New Tulane Offensive Coordinator Jim Svoboda brings an explosive offense to NOLA
Tulane Head Coach Willie Fritz tabbed Central Missouri Head Coach Jim Svoboda as his new offensive coordinator. Coincidentally, Svoboda was hired at Central Missouri to replace Fritz when Fritz left Central Missouri for Sam Houston State in 2010.
Admittedly, I knew little about Svoboda when he was announced. I knew he has been a head coach at the Division II level for over the past 12 seasons. Before that, he was an assistant coach at Montana State from 2007-2009 and the Quarterbacks coach at UCLA from 2004-2005. He was a finalist for the Broyles Award in 2005 and then added the title of Offensive Coordinator for the Bruins in 2006. Prior to his time at UCLA, Svoboda spent 10 seasons as offensive coordinator and quarterbacks coach at Northwest Missouri State. During his time at Northwest Missouri, his team won 3 Division II National Championships.
Just before Christmas, Coach Fritz was kind enough to appear on The Jimmy O Show. During his appearance, he mentioned he wanted an offensive coordinator who could take advantage of his personnel and who could develop a strong running game. Not knowing much about Coach Svoboda, I turned on the video and looked at the stats. I made it through 10 quarters of offense from the 2019 season and 4 more from 2017. There isn’t a ton of Central Missouri game film on the internet, so I had to go with what is available. Here is what I found.
Coach Svoboda runs his base offense out of the shotgun. His team also ran plays out of the pistol, under center and the wildcat. He does a good job of protecting his quarterback. He employs a lot of quick passes, moves the pocket and does a good job of having outlet receivers available in case the quarterback is under pressure. His quarterback was rarely hit or sacked. He also did not show a lot of run-pass option or read-option which limited the hits on his quarterback. If his quarterback was running, it was usually a designed run where the quarterback was protected by the play design.
One of the things that stood out to me about Coach Svoboda is his ability to set plays up and create big play opportunities. In 2019, Central Missouri averaged a whopping 10.11 yards per passing attempt, which shows how explosive his offense can be. For reference, LSU’s explosive offense with Joe Burrow that same year averaged 10.6 yards per attempt. Since 2012, Tulane’s best yardage per attempt has been 7.97 in 2019.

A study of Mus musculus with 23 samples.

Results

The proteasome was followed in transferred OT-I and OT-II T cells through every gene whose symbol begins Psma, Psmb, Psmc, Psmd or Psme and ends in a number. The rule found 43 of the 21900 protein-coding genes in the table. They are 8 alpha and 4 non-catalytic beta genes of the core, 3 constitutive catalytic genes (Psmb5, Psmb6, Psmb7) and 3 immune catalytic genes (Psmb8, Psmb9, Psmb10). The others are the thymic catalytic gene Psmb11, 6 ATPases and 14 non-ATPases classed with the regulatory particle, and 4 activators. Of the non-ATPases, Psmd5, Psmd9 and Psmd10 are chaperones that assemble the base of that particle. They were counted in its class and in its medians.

Coach Svoboda’s teams’ yards per completion are equally impressive. Since 2017, his receivers averaged 15.47, 15.47, 18.07 and 14.50 yards per catch. In the past 5 seasons, Coach Svoboda’s teams have averaged 3,784.4 yards passing and 32 touchdowns per season. That is the average, not the best season, and that average season would be by far the best passing season that Tulane has had since 1998 and on par with Tulane’s 1998 numbers.
Coach Svoboda also gets the ball to his best players in the passing game. In 2021, his best receiver recorded the following stat line: 67 catches for 1,438 yards (21.46 ypc) 10 touchdowns. In 2019, now-Tulane receiver Shae Wyatt had 65 catches for 1,452 yards (22.34 ypc) and 12 touchdowns. His second best receiver that year, a tight end, had 40 catches for 894 yards (22.35 ypc) and 15 touchdowns. We haven’t had a receiver catch 60 passes since Ryan Grant caught 77 in 2013 and Marc Zeno holds our single season receiving yardage high at 1,206 in 1987. Coach Svoboda’s best receivers put up big numbers and make big plays.
Coach Svoboda’s teams have historically run the ball well too. From 2016-2019, his teams averaged 2,310.3 yards rushing per season, 185.6 yards per game and 28 touchdowns per season on the ground. In 2021, the Mules took a step back rushing for only 1,201 yards and 11 touchdowns total. Whether that was due to taking a year off from football due to COVID in 2020 or just a lack of personnel, I don’t know. Whatever the reason, 2020 was an anomaly from a rushing standpoint dating back to Coach Svoboda’s first year at Central Missouri. Last season, Tulane ran for 164.9 yards per game and 19 touchdowns. If we get the Svoboda rushing attack from 2016-2019, we will improve upon our run game and should definitely improve upon our passing attack.
Coach Svoboda also appears to agree with Coach Fritz in a couple of other key areas. The first area is tempo. Central Missouri used tempo to its advantage after momentum plays and when they had the other team on the ropes. They were also able to pull back and play a little slower when the situation called for a slower tempo without hurting their offensive output. Strategic use of tempo is something that Coach Fritz has preached over the years, not just going fast for the sake of going fast.
Another area where Coach Svoboda appears to agree with Coach Fritz is being aggressive on 4th down. Anytime Coach Svoboda’s teams were in neutral or plus territory and it was 4th and 5 or less, he tended to go for it and his 3rddown play calls took into account that he had already made the decision to go for it on 4th down. Synergy between the head coach and play caller is important and it seems like that is the case here.
So, did Coach Fritz check his boxes? You’re damn right he did.
Coach that can get the ball to his best players? Check. If you’re a Tulane receiver, you’d better get your head around and your hands up because the ball is coming to you a lot.
Coach with a strong running attack? Check. Coach Svoboda’s better offenses averaged over 200 rushing yards a game and his teams overall averaged better running totals than Tulane did last year.
Most importantly, Coach Svoboda has a history of developing quarterbacks and his offensive scheme does a lot to protect the quarterback. After a tough 2021 where he took a lot of hits, we could see a huge year for Michael Pratt.
I didn’t know it before today, but I am a Coach Svoboda fan.